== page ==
I recently attended the National Millennial Community trip to Omaha and Kansas City on behalf of my university, the Queensland University of Technology in Brisbane, Australia. As an international guest, I was excited to meet a vibrant cross-section of Millennials from across the United States and hoped to contribute my unique international perspective to discussions with our host companies.
Over the course of two and a half days we visited six host companies in the Mid-West, including the Omaha Chamber of Commerce, FlyWheel, Spreetail, Andrews McMeel Universal, Sandbox and Sprint. While we touched on a vast range of topics from brand perceptions to employee benefits, a recurring topic in every discussion was the idea of ‘workplace culture’ and how companies could engender a culture that successfully appealed to Millennials.
While ‘culture’ has become somewhat of a buzzword for Millennial workers, its importance cannot be understated. Culture goes to the core of an organization and in my opinion impacts every ounce of the employee experience. One of my favorite discussions at the NMC conference was with Mr Dusty Davidson the CEO of Flywheel, a software start-up in Omaha, who spoke about “optimizing his workplace for happiness”. He does this by spending 30% of his time “finding and recruiting extraordinary people that are impressive, passionate about their craft and seeking to make an impact”. It was clear after meeting Mr Davidson, touring their offices and seeing the Flywheel team at work, their culture-first focus was engrained in every aspect of their business.
During my time at the NMC, the question “What does positive culture look like to you?” was asked frequently by our host companies. Despite the growing conversation around this topic, the concept of ‘culture’ remains ambiguous to most. I think one of the greatest misconceptions attributed to the Millennial Generation is that our perspective on work culture is superficial. While games, scooters and office dogs can be an exciting novelty, our conversations regarding culture at the NMC painted an overwhelmingly serious picture of what Millennials truly value. To me, a positive workplace culture is one that supports personal and professional development, empowers ethical decision-making and provides guidance from strong and transformative leaders. These sentiments were reflected by many others in the NMC, who also added flexibility and transparency to this mix.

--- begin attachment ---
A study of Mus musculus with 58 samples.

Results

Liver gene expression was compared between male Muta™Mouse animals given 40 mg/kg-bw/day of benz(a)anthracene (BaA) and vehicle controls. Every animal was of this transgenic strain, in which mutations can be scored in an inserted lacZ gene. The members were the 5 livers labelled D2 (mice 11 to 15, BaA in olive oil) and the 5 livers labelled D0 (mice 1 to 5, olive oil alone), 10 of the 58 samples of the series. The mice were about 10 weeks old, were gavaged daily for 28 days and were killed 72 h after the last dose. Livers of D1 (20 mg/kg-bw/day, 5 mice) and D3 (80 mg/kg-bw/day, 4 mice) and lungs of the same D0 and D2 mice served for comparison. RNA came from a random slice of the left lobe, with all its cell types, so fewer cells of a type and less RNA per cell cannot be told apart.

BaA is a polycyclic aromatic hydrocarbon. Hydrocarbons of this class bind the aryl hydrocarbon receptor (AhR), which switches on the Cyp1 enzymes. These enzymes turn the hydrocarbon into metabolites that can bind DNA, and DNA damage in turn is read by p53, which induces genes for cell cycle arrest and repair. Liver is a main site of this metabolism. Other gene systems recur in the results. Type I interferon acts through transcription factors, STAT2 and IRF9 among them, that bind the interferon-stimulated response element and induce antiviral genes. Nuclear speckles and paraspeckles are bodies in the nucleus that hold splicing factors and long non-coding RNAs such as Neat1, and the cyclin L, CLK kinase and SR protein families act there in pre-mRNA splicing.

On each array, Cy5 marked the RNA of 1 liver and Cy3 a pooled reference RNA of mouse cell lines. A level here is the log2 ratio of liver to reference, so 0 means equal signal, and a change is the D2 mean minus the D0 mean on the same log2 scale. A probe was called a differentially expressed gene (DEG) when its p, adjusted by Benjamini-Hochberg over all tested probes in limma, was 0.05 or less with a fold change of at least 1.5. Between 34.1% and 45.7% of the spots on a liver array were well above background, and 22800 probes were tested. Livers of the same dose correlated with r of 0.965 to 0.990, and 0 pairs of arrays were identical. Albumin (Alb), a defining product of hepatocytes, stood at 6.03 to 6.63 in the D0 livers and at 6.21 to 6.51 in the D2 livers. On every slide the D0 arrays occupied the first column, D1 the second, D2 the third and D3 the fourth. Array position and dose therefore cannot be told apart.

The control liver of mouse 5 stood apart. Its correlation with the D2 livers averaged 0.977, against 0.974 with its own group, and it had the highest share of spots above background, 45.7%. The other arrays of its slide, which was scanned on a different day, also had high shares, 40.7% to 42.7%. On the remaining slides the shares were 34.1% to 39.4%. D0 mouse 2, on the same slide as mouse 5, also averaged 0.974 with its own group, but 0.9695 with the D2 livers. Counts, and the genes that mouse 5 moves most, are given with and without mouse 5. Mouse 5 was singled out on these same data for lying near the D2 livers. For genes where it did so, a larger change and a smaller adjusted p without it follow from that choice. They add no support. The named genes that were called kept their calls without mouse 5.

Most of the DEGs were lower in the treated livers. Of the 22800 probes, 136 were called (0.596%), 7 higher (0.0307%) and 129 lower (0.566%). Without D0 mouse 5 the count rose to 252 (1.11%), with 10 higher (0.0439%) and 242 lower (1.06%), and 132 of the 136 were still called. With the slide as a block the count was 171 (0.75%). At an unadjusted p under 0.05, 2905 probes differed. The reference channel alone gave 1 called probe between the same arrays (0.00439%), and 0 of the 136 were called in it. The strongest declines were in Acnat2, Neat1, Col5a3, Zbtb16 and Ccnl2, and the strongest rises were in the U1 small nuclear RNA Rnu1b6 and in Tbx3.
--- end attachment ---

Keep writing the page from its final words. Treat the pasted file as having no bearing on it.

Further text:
And of course, fostering a positive workplace culture isn’t only beneficial from an employee standpoint but also extremely valuable from a business perspective. At the end of the day, happy employees are better for business. This reality that has been accepted and championed by many significant international companies (think Warby Parker, Netflix etc.) who prioritize employee culture and as a result generate higher retention, productivity and business growth. In this age of social media, a company that invests in the happiness of its employees is likely to galvanize a strong base of Millennial brand ambassadors who will shout their praise across LinkedIn, Facebook and Instagram when a company gets it right.
Overall, my trip to Omaha and Kansas City with the National Millennial Community was extremely exciting and insightful! It was a pleasure to meet all of the incredible, driven and intelligent Millennials who are all looking to change the world in their own way. It was also amazing to see that so many of our host companies have embraced the shifting workplace attitudes and are being proactive to positively engage with the Millennial Community.